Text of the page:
Self-publishing offers many advantages to an independent author.
However, one of the most important benefits of the publishing process is often overlooked. In years gone by, once a traditionally published book was published, that was it.
It either sold well, and new editions were printed.
Or if it didn’t sell on its first release, that was the end of the book’s life. Except for perhaps a few copies that made their way into libraries or second-hand bookshops.
Give your book a second chance
Now, though, if you choose to self-publish, you can keep a book or an ebook on sale indefinitely. You can also change, modify, merge, or improve your book at any time.
You can update the cover design, change your genre and category listings and fine-tune, or find new keyword listings.
No matter which self-publishing service you use, it is possible to republish many times over with Indie publishing.
So it is now feasible to experiment and try new ideas to help promote a book.
Changing a book description, or trialing different versions on a monthly rotation is worth consideration.
This is the big advantage self-publishers have over authors who are published by a traditional publishing house.
You can change both a print on demand paperback print books and ebooks.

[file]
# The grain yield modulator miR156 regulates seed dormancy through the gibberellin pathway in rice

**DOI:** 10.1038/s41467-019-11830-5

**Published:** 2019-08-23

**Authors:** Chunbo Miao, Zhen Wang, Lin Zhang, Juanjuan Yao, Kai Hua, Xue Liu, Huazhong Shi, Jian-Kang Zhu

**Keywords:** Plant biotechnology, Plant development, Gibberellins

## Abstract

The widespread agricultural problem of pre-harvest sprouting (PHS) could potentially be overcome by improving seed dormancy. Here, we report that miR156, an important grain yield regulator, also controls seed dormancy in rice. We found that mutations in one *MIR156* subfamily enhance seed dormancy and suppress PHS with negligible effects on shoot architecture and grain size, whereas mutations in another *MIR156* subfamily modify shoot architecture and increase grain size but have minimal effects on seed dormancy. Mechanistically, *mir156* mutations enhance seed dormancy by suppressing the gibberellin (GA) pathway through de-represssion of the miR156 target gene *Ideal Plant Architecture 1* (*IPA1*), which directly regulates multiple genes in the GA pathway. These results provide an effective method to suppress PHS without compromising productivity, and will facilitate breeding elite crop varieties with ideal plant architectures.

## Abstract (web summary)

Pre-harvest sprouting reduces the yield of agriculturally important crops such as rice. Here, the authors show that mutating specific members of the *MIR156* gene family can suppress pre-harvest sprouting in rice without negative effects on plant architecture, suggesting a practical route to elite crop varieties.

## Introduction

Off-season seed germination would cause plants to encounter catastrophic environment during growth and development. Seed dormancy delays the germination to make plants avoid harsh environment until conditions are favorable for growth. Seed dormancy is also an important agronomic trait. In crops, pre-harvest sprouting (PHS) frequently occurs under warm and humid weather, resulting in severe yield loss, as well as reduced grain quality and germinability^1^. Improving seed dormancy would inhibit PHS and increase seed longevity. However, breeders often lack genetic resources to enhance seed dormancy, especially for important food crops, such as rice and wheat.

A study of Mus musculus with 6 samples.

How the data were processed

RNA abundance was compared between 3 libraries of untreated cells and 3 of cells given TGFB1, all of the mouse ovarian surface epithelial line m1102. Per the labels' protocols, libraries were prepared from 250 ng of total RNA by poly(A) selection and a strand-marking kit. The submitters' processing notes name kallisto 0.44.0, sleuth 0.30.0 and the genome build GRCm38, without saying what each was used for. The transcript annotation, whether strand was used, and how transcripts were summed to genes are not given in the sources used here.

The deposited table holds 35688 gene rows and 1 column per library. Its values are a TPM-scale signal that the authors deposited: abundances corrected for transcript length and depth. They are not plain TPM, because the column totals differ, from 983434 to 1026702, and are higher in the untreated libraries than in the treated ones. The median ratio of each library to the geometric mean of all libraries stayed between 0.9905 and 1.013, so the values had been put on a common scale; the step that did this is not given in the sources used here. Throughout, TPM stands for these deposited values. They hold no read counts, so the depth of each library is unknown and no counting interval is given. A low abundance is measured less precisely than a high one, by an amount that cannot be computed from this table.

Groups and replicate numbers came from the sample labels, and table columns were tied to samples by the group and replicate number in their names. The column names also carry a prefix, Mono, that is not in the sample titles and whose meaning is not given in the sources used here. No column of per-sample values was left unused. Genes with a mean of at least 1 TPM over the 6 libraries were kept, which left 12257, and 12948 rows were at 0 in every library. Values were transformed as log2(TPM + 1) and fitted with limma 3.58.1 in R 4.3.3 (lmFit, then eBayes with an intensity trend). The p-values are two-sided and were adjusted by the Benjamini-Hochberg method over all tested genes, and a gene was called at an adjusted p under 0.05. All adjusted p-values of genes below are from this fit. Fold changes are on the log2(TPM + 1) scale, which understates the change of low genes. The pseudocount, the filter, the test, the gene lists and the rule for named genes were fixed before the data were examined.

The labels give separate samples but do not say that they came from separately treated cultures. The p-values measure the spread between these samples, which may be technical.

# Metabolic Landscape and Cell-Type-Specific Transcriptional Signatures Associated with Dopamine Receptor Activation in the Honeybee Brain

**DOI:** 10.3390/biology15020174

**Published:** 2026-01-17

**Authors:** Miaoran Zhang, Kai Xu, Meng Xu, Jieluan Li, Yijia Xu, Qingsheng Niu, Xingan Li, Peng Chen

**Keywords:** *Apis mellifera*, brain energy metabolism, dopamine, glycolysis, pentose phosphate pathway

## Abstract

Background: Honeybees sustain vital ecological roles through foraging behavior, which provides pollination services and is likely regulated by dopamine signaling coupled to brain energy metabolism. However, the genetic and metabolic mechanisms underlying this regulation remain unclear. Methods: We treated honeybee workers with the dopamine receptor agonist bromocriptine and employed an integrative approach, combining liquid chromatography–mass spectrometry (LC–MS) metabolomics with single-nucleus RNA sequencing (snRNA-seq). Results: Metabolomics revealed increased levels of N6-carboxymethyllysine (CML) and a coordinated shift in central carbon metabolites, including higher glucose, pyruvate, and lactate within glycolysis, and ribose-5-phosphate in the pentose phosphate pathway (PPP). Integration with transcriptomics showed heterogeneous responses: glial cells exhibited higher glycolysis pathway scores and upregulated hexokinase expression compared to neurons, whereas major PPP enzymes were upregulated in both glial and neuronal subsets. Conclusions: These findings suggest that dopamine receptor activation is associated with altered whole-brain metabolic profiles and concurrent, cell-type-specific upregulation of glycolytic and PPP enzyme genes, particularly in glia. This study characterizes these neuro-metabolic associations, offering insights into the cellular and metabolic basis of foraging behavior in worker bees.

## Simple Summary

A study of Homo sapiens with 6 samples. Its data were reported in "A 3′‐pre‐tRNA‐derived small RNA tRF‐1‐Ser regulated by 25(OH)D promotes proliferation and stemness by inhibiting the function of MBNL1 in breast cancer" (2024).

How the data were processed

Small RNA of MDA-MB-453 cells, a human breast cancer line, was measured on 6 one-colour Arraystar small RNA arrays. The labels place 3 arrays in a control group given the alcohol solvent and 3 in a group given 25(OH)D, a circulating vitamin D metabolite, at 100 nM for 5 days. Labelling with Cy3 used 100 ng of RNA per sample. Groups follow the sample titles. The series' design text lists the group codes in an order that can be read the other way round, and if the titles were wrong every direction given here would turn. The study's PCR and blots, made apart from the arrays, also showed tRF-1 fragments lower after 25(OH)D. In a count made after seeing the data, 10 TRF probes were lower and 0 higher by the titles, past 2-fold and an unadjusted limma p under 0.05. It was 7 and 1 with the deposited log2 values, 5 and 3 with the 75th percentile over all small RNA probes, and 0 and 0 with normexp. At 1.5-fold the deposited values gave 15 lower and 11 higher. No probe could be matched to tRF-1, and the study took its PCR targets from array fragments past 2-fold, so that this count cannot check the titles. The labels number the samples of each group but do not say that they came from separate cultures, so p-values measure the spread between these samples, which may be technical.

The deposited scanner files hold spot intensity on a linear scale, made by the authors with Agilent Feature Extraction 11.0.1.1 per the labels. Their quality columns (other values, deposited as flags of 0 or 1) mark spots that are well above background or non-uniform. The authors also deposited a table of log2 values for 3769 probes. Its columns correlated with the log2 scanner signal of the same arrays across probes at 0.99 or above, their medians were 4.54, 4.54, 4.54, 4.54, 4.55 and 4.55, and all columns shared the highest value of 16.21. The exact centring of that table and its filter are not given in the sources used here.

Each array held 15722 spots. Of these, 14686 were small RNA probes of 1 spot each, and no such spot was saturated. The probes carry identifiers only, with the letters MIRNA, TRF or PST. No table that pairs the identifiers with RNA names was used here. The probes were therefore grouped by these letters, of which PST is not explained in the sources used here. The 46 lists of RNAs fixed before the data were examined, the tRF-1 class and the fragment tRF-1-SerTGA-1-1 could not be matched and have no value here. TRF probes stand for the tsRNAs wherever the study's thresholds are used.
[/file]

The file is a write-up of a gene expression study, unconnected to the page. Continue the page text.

While book marketing and promotion are essential factors in helping a book succeed, there are no magical means of making an unpopular book sell well.
This doesn’t mean that it’s a bad book.
It could simply be that the book didn’t connect with the fickle nature of book buyers.
Perhaps it was the cover image or colors and fonts or the description.
Perhaps you didn’t write the first couple of pages with the intent of hooking readers’ interest fast enough.
Republish is the number one bonus publishing option for Indie authors.
It is always possible to improve a book
An associated advantage of the ability to change, modify, and experiment with a self-published book is to take the last drastic step of un-publishing a book that is not selling.
It’s no secret that book buyers are generally attracted to new releases.
But long-tail selling of a book that has a good sales history will produce sales over a long period. It will not happen to a book that didn’t sell well to begin with.
So why continue to flog a dead horse? Get it off the market.
But, of course, the book is not dead.
It is just taking a holiday until it undergoes a total transformation. Creative control is one of the real benefits of self-publishing.
There are many ways to improve a book, so why waste all the time that it took to write?
Get an editor, get a new cover, re-write the story in a different setting or perhaps, change the characters or the time setting.
If you wrote your book in the first person, would the third person work better?
There are so many possibilities that can help you successfully self-publish.
If you have a book that isn’t selling, what action could you take to remedy the situation?
Do you need to get to work soon on the new and improved version of your book?
More reading: What Defines Good Books To Read For Real Book Buyers?